Monday, July 4, 2022

History will be with me, Singapore CJ told in court as death row lawyers slapped with costs

Prominent rights lawyer M Ravi rejects accusations that he did not follow the expected standards in filing 11th hour applications to save Nagaenthran's life.


The decision came after exchanges between lawyer M Ravi and the chief justice, with the prominent rights activist rejecting accusations that he did not follow the standards expected of a lawyer in filing the 11th hour applications in court to save Nagaenthran’s life.

“History will be with me and will judge me,” said Ravi, who was told to pay the fine to the attorney-general alongside fellow lawyer Violet Netto.

The latest move is seen as part of an ongoing attempt by Singapore authorities to stifle legal aid given to death row inmates, as the city-state rejects international criticism over a spate of executions of drug mules despite warnings that it is breaching its own constitution as well as international treaties.

Nagaenthran, who had been diagnosed with a low IQ that made him unfit for capital punishment, was hanged on April 27, hours after his mother travelled to Singapore to plead her son’s case. Critics said no lawyers in the republic had come forward to represent Nagaenthran in his final hours due to fears of state reprisal such as that experienced by Ravi and Netto.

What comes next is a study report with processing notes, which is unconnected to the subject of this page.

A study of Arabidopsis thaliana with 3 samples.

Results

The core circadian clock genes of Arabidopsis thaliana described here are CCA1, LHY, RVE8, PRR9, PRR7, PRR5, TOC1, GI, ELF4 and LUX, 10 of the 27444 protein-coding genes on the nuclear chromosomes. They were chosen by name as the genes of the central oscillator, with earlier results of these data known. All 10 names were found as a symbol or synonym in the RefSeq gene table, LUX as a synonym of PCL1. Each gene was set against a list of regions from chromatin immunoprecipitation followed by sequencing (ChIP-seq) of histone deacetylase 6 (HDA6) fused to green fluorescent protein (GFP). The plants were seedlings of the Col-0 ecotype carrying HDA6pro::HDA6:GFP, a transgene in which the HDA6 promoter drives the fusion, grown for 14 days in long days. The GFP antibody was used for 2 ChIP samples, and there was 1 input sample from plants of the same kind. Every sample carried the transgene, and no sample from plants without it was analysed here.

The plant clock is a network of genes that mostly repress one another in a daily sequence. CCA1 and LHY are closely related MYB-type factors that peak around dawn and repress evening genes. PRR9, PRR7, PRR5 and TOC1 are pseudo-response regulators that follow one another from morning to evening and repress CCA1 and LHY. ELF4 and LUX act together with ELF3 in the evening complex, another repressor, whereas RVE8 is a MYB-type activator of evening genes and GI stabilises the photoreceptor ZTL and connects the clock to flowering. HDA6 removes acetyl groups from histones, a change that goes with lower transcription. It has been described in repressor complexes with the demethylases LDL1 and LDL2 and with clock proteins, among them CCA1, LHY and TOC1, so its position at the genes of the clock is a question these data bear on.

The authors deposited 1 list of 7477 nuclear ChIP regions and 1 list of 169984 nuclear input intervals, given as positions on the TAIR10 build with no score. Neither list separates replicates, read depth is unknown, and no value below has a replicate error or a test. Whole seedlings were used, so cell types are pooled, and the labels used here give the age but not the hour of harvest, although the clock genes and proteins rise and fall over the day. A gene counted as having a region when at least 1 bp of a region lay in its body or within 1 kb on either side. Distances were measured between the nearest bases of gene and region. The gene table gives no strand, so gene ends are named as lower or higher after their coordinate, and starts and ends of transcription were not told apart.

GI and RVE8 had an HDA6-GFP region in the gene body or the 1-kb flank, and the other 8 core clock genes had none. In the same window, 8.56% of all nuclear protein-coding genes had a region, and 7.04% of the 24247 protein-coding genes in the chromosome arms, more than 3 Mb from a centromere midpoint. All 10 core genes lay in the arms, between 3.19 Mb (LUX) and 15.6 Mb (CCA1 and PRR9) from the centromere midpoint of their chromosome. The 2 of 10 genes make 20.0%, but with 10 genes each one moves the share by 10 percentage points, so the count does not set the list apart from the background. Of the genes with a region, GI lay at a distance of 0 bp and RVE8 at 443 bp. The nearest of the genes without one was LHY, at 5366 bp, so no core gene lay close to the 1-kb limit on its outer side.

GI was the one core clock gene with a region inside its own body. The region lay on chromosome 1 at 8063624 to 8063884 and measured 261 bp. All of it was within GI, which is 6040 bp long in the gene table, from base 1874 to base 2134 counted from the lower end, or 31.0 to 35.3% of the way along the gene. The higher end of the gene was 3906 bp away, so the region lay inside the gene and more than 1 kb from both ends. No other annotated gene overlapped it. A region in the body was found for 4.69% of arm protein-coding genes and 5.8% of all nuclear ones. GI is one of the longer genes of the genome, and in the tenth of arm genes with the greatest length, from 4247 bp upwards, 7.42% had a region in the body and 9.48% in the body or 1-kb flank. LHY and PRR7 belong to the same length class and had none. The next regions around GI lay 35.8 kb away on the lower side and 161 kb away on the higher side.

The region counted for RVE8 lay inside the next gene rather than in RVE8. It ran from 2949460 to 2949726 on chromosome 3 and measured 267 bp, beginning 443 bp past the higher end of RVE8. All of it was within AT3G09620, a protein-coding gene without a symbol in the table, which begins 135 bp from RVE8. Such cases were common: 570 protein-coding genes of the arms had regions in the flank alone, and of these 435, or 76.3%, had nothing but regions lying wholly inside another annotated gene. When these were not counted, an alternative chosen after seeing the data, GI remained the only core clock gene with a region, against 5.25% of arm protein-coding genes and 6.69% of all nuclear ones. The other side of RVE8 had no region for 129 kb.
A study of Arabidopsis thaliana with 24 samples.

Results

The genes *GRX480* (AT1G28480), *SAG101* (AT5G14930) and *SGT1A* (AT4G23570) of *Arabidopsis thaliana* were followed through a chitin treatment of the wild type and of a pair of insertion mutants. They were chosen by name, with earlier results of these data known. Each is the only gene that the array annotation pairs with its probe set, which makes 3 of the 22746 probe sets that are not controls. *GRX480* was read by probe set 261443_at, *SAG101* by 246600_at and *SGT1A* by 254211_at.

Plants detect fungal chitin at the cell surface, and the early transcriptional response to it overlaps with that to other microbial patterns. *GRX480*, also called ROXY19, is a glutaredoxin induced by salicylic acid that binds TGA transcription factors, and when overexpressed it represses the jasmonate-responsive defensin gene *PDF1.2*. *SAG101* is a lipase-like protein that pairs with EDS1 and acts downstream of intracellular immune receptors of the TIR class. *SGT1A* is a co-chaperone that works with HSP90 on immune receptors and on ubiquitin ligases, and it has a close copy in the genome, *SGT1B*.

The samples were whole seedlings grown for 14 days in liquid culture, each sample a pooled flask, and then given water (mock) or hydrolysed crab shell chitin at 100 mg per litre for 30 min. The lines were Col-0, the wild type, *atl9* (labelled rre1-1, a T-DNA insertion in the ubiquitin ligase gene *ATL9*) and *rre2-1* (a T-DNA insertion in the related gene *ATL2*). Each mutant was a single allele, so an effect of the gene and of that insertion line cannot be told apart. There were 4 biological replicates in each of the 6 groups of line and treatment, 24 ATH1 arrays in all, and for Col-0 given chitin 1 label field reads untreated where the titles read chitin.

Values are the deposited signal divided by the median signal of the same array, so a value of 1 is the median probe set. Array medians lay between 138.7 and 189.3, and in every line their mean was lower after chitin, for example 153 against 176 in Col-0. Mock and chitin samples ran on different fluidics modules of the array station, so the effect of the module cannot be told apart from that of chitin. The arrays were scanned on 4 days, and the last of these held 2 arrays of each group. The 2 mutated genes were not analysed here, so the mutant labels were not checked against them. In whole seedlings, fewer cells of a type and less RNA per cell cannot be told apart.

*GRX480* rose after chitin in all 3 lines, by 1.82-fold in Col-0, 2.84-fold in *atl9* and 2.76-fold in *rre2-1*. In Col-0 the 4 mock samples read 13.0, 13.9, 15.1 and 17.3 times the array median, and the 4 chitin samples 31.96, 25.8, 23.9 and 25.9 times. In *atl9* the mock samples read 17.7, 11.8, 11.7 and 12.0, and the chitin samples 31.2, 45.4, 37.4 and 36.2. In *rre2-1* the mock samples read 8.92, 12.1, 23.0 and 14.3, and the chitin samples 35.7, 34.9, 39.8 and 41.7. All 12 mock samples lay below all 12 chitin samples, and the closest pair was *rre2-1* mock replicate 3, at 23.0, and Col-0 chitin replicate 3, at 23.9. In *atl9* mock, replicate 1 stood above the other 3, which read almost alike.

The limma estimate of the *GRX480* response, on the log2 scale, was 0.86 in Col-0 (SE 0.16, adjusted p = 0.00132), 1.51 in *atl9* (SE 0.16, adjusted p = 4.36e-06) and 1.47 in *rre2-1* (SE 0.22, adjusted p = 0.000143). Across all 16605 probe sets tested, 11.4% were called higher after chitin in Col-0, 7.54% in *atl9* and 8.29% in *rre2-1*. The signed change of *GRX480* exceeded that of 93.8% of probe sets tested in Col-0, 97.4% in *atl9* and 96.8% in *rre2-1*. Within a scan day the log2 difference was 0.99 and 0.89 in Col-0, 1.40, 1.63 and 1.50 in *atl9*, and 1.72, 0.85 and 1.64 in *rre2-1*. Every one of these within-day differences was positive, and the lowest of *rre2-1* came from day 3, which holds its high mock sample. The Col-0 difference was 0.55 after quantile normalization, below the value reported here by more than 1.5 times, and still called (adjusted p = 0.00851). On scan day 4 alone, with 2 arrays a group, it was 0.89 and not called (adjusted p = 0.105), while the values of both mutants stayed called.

The attorney-general in his application against the duo had sought punitive cost orders of S$40,000 from them over their defence of Nagaenthran.

In court papers sighted by MalaysiaNow, Ravi defended his efforts to halt Nagaenthran’s execution, and slammed moves to punish lawyers for doing their job.

“The question of execution of persons with low IQ or intellectual disabilities is of public importance and is a novel point as well. To ask that the applicant’s counsel and former counsel be dealt with an iron fist with a personal cost order is too harsh in the circumstances, to say the least,” he added.

Ravi had also faced a string of professional disciplinary inquiries which could result in him being fined, suspended or struck off as a lawyer.

This includes three contempt of court proceedings as well as a number of police investigations.

These were ascribed to his years of work defending the rights of drug mules on death row in the island republic, including Nagaenthran who was convicted for trafficking 43g – about three tablespoons – of heroin into Singapore.

Most recently, Ravi and another fellow lawyer were ordered to pay S$10,000 (RM31,500) in personal costs to the attorney-general over an ethnic discrimination suit filed by 17 Malay death row convicts.

The judge said then that Ravi had pursued the suit even when told that it had not received consent from the attorney-general.